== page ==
BlackBerry (NASDAQ: BBRY) has some momentum heading into the new year, thanks to a newly announced strategic partnership and a business reorganization. Shares are on the upswing as 2013 comes to a close, but there remains a great deal of risk for BlackBerry shareholders.

While it's always tempting to pick the bottom in stocks that have gotten crushed, BlackBerry's underlying business continues to deteriorate. As a result, there's simply no need for investors to gamble on a company with such an uncertain future.

Business is still going in the wrong direction
Optimism over BlackBerry's future involves both the company's quarterly results and its recent strategic initiatives. First, BlackBerry's third-quarter highlights included its business unit reorganization, which will place particular emphasis on its Enterprise segment. The company believes its Enterprise Service 10 platform will increase penetration going forward.

Of course, whether this remains to be seen. It's easy to get excited, since BlackBerry used to dominate the enterprise market. But times have changed. BlackBerry's dominance has been turned upside down, and it's far from a guarantee that it can once again assume a leadership position in the enterprise market.

Aside from this, BlackBerry's underlying business continues to deteriorate. In the third quarter, revenue fell by more than half on a year-over-year basis. BlackBerry recorded a non-cash charge in the amount of $4.6 billion pertaining to some long-lived assets, but even excluding the impairment charge, its adjusted loss expanded in the third quarter.

Investor confidence appears to be boosted by BlackBerry's recently announced five-year partnership with Foxconn, the world's largest manufacturer of electronic products and components. Foxconn will now develop BlackBerry devices, which will allow BlackBerry to penetrate new markets. For example, BlackBerry expects to release a smartphone in Indonesia in early 2014.

Where smartphone investors should focus instead
BlackBerry needs everything to go right in order for its turnaround to materialize. Its business is still collapsing, and it's in such a hole that investors simply don't need to take the risk inherent in catching a falling knife. Instead, you should turn your attention to a different stock to capitalize on growing smartphone demand: Apple (NASDAQ: AAPL). Consider that Apple's iOS operating system held a 13% smartphone market share in the third quarter, compared to just 1.7% for BlackBerry.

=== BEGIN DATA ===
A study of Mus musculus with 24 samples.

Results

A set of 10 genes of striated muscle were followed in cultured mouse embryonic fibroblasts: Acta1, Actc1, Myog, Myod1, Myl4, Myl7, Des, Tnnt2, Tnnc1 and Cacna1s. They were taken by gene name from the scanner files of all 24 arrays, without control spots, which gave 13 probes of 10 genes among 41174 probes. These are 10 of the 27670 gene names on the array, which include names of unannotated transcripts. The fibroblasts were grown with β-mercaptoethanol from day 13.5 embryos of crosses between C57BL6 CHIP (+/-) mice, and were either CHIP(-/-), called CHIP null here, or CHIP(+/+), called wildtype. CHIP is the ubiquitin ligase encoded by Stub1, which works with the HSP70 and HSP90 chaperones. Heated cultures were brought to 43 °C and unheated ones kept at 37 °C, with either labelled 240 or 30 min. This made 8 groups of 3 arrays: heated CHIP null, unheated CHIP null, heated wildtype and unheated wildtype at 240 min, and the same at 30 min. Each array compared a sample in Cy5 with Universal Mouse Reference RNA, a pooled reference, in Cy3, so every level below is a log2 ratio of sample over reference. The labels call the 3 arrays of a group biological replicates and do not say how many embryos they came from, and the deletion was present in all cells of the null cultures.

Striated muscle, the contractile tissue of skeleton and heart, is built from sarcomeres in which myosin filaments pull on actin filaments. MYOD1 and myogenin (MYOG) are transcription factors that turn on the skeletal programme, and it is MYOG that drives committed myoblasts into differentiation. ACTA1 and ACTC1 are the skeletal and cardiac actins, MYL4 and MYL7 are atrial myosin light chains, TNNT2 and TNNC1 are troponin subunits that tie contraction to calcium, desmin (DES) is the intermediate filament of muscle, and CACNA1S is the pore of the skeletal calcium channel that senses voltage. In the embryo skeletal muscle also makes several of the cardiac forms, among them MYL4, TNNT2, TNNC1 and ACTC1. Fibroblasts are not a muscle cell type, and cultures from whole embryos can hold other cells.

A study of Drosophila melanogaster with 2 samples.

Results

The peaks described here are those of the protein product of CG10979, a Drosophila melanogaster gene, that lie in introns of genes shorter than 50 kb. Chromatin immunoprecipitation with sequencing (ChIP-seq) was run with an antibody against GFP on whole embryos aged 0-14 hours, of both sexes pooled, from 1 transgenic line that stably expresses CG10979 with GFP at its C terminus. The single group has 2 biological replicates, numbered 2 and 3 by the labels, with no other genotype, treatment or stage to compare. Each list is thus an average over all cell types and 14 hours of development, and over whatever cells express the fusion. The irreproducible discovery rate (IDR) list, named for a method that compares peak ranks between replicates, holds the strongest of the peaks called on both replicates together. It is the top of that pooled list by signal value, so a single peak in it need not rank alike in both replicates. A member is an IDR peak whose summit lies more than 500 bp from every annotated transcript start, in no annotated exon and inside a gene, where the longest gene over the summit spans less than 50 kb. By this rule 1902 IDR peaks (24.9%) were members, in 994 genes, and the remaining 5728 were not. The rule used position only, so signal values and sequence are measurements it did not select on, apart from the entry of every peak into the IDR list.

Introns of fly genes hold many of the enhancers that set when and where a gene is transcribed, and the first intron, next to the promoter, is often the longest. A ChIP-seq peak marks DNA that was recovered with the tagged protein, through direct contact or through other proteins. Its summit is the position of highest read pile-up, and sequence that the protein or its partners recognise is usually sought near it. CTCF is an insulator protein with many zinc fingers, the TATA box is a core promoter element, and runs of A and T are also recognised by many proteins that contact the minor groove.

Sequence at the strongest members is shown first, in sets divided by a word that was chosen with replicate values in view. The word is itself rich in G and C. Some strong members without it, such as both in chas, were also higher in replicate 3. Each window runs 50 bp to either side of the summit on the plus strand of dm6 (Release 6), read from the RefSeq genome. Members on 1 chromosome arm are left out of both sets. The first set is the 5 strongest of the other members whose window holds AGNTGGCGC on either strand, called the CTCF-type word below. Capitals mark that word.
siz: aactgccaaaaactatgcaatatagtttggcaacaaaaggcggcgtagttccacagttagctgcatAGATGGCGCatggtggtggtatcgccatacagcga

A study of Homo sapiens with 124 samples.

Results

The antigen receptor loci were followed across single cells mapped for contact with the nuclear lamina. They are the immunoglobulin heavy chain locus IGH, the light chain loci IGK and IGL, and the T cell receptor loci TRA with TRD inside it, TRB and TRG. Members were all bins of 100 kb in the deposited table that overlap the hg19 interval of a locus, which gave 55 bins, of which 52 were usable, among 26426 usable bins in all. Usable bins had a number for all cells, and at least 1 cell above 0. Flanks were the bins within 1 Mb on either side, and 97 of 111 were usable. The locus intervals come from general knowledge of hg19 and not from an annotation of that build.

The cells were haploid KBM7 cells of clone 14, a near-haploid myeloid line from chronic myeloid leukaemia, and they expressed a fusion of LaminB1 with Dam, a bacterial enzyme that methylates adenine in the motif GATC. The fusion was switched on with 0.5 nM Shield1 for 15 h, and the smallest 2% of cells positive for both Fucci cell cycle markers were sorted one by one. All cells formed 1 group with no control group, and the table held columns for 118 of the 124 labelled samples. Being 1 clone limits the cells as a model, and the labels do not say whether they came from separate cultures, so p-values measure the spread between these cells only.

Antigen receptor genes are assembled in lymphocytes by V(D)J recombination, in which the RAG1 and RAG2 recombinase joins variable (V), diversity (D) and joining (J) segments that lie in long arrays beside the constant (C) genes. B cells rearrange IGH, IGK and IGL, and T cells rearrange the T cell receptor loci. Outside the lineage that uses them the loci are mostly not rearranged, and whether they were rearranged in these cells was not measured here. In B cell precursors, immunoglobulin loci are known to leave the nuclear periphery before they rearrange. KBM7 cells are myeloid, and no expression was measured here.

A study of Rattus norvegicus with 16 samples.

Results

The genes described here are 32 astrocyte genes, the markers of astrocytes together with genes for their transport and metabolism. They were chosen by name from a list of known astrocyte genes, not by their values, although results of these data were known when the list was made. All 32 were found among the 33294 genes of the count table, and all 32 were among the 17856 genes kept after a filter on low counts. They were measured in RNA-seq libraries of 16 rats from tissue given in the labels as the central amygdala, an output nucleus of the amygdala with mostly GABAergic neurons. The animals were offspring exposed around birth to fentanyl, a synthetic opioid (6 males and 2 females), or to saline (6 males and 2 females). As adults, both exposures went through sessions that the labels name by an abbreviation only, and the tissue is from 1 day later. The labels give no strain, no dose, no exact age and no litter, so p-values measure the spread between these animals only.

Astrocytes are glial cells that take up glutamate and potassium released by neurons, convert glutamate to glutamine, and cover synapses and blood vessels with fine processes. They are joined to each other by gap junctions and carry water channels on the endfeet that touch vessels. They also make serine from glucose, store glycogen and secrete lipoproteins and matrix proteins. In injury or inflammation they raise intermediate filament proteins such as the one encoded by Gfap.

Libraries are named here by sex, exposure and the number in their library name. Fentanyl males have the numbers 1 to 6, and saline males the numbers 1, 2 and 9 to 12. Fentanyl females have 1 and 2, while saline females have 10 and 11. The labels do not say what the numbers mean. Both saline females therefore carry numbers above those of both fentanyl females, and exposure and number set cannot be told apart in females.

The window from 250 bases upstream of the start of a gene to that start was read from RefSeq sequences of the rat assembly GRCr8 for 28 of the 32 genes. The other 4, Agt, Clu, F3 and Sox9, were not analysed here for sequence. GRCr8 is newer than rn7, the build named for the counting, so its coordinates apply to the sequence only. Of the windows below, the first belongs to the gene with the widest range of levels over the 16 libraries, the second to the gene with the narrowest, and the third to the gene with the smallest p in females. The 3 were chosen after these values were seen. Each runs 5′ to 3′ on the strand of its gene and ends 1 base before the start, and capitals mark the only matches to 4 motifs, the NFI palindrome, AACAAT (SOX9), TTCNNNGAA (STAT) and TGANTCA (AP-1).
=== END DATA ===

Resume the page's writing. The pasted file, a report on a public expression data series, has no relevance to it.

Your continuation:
Apple has a number of catalysts working in its favor that are much likelier to pan out than BlackBerry's initiatives. First, Apple has the benefit of its iPhone 5c and iPhone 5s on store shelves for the holiday season. It also has finally announced its long-anticipated partnership with China Mobile (NYSE: CHL), the largest telecommunications carrier in the world.

China Mobile has more than 750 million customers who will now be granted access to Apple devices. This should result in not just higher iPhone sales, but also additional revenue streams from integration into Apple's massive ecosystem.

The Foolish conclusion: Don't eat BlackBerry's...story
BlackBerry may entice some investors because of the volatility in its share price. Its shares spiked after releasing its third-quarter results and announcing its strategic partnership with Foxconn. At the same time, its core business performance is still ugly, and it's getting worse.

On the other hand, Apple represents a much less risky play for technology investors interested in global smartphone growth. Its business appears to have stabilized, and it should have a very profitable fourth quarter. While Apple isn't likely to soar upon releasing its financial results, it's not likely to see the bottom fall out either.

BlackBerry is still bleeding huge amounts of cash, and needs everything to break its way to recapture market share. There's simply no need for Foolish investors to take that risk.